Water Mosaic echoes from home

pondering the mysteries, simplicity, and humor of life

Tuesday, August 30, 2005

A Letter to My Granddad

Happy Birthday Granddad! It’s an honor to say that, especially after a vigorous 92 years you have lived on this earth. I don’t know if you’ll remember that it is your birthday today, but that’s ok because I forgot mom’s birthday this year. So I guess we’re even.

In the 25 years that I’ve known you, I couldn’t ask for a better role model. You’ve been married for 66 years now, just in case you forgot. Every time I’m around you, you speak of grandmother in such a loving way. You’ll still have that shine in your eye when you mention your wife like it was the first time you feel in love. “That sure is a pretty girl over there,” you’ll say as you watch grandmother working hard in the kitchen or just sitting in her favorite chair. You have a dedication that I admire, not only to your wife, but also to living.

You were a Sunday School teacher for 20 plus years and I know those people revered you and respected your wisdom and humor. I could tell. Plus you were an amazing storyteller. I think I will go to my grave never knowing what happened to your partially cut off finger. And in a way that’s the way I want it to be. You told us stories of meeting your future wife, working at Nabisco, fishing, playing golf, hitchhiking, college, living in England, visiting almost every continent and all 50 states, and the war. Even if we had heard the stories before you could still craft them in a way to paint a beautiful landscape of your life; the humor, the reality, the simplicity of it all made you feel warm as if sitting besides a fire during a soft December evening.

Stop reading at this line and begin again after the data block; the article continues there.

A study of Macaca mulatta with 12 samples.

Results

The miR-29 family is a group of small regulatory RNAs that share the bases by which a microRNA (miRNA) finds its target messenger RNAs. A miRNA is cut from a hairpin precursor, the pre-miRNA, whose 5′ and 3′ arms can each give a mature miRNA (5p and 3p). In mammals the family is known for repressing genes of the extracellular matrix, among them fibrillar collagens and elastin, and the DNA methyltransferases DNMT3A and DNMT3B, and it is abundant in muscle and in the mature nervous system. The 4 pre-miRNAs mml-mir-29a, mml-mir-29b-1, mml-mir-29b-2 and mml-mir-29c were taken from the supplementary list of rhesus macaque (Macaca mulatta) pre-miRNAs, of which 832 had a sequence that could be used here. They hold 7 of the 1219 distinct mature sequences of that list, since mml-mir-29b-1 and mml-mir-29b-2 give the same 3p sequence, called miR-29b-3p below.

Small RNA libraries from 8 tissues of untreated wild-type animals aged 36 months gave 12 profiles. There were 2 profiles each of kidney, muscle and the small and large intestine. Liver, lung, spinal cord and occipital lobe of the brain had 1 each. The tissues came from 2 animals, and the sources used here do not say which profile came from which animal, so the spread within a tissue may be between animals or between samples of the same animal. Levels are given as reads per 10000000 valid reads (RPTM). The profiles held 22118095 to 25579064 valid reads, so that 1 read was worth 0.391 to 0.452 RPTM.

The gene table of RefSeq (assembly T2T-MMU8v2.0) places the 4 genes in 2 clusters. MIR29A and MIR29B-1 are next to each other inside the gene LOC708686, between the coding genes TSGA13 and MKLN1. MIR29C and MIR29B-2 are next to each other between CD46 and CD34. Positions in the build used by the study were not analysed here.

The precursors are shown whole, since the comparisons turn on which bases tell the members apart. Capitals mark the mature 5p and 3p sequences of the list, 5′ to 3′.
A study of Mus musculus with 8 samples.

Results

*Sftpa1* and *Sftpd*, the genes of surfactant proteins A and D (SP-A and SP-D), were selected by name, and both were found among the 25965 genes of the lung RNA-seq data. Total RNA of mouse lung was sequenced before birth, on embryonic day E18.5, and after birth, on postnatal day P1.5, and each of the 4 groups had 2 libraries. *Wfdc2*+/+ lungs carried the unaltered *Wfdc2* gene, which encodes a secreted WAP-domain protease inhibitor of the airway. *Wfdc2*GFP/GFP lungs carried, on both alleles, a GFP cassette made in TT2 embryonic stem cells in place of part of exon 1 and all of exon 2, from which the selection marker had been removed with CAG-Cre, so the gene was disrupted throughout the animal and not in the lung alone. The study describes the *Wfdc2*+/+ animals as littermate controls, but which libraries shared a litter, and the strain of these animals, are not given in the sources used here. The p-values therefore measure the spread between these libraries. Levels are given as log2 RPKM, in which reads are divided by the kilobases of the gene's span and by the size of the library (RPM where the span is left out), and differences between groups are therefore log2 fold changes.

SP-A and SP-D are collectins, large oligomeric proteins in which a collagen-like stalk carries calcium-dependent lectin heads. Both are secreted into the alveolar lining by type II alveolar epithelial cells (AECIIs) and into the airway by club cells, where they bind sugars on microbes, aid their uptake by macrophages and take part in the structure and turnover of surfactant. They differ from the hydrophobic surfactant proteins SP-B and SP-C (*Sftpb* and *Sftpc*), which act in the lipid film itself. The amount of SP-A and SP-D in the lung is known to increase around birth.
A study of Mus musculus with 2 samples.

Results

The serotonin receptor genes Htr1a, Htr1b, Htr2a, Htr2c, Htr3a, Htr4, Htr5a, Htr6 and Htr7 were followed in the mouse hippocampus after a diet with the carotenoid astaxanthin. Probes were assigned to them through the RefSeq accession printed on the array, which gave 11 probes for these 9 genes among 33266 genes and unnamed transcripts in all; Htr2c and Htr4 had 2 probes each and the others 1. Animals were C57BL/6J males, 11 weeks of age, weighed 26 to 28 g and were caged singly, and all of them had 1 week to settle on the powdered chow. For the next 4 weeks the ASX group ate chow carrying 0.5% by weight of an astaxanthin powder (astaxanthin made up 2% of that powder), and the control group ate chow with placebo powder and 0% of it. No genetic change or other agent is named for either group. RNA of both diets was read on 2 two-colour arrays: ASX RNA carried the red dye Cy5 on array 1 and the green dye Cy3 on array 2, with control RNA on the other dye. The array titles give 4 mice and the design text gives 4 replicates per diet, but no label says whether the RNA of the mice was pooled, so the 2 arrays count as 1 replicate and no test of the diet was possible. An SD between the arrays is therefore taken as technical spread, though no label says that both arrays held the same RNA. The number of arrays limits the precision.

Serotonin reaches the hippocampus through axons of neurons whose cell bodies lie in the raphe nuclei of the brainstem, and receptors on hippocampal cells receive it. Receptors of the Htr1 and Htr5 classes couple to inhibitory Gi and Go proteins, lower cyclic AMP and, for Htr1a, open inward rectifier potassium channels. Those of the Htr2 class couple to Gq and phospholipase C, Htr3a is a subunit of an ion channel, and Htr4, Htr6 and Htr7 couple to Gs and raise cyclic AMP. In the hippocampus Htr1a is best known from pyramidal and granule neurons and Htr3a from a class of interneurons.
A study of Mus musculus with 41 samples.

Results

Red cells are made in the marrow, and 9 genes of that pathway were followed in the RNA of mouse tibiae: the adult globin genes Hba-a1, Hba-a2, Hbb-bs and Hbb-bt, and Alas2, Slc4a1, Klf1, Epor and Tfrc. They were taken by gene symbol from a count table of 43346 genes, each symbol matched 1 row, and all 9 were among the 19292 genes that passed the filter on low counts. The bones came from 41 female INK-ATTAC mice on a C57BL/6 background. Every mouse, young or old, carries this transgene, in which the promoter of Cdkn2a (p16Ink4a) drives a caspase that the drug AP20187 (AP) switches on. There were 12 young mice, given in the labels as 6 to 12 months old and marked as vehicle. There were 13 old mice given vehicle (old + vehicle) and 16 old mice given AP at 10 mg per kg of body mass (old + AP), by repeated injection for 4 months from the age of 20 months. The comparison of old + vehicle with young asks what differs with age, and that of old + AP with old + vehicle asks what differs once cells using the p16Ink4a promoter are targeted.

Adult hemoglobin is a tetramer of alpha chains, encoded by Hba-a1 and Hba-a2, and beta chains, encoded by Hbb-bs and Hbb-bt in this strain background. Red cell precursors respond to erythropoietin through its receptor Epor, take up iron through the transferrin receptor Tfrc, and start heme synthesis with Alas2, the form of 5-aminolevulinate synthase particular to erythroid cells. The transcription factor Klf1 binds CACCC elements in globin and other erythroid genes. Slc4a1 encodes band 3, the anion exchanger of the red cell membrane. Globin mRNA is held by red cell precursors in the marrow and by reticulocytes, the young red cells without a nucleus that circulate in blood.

You had a patient peace about you, one that I recognized at an early age as we would sit on the dock and cast our lures into the calm waters hoping to catch “the big one.” You were a gracious man, always caring for others and helping those that needed it. I remember when I didn’t have a job for a summer and you helped me get a mowing business going at the lake. You would even help me weed eat at times even in the blazing summer heat.

As I write this letter I realized I have described you in the past tense. Forgive me. You are still a patient man. You are still a great storyteller. You are still a devoted husband. You are still someone whom people revere and respect. You are still a man who is full of wisdom and humor. I apologize for that. I guess I know that you are not the same man you were, at least in the sense of your memory. And that makes me feel heavy. I cried the other night knowing that you didn’t remember your anniversary and knowing that you might not remember your birthday. I wanted to blame someone or something but it was to no avail. I remember seeing my other granddad (Granddaddy C) in the retirement home and him not being able to remember who I was. It broke my heart. It still does. Not that he couldn’t remember my name, but that the fullness of life that was in him and is in you has somewhat slipped through our weakening clutches. We want to preserve people we know and love, framing them in a picture that will never fade or be etched out of our memories. I guess it’s the fear of facing our own humanity. Maybe that is why I cried in Jennifer’s arms for so long that night. I believe that death is not the end of the story. I really do. But I just want to live in the memory of what used for a little while longer. I love you granddad.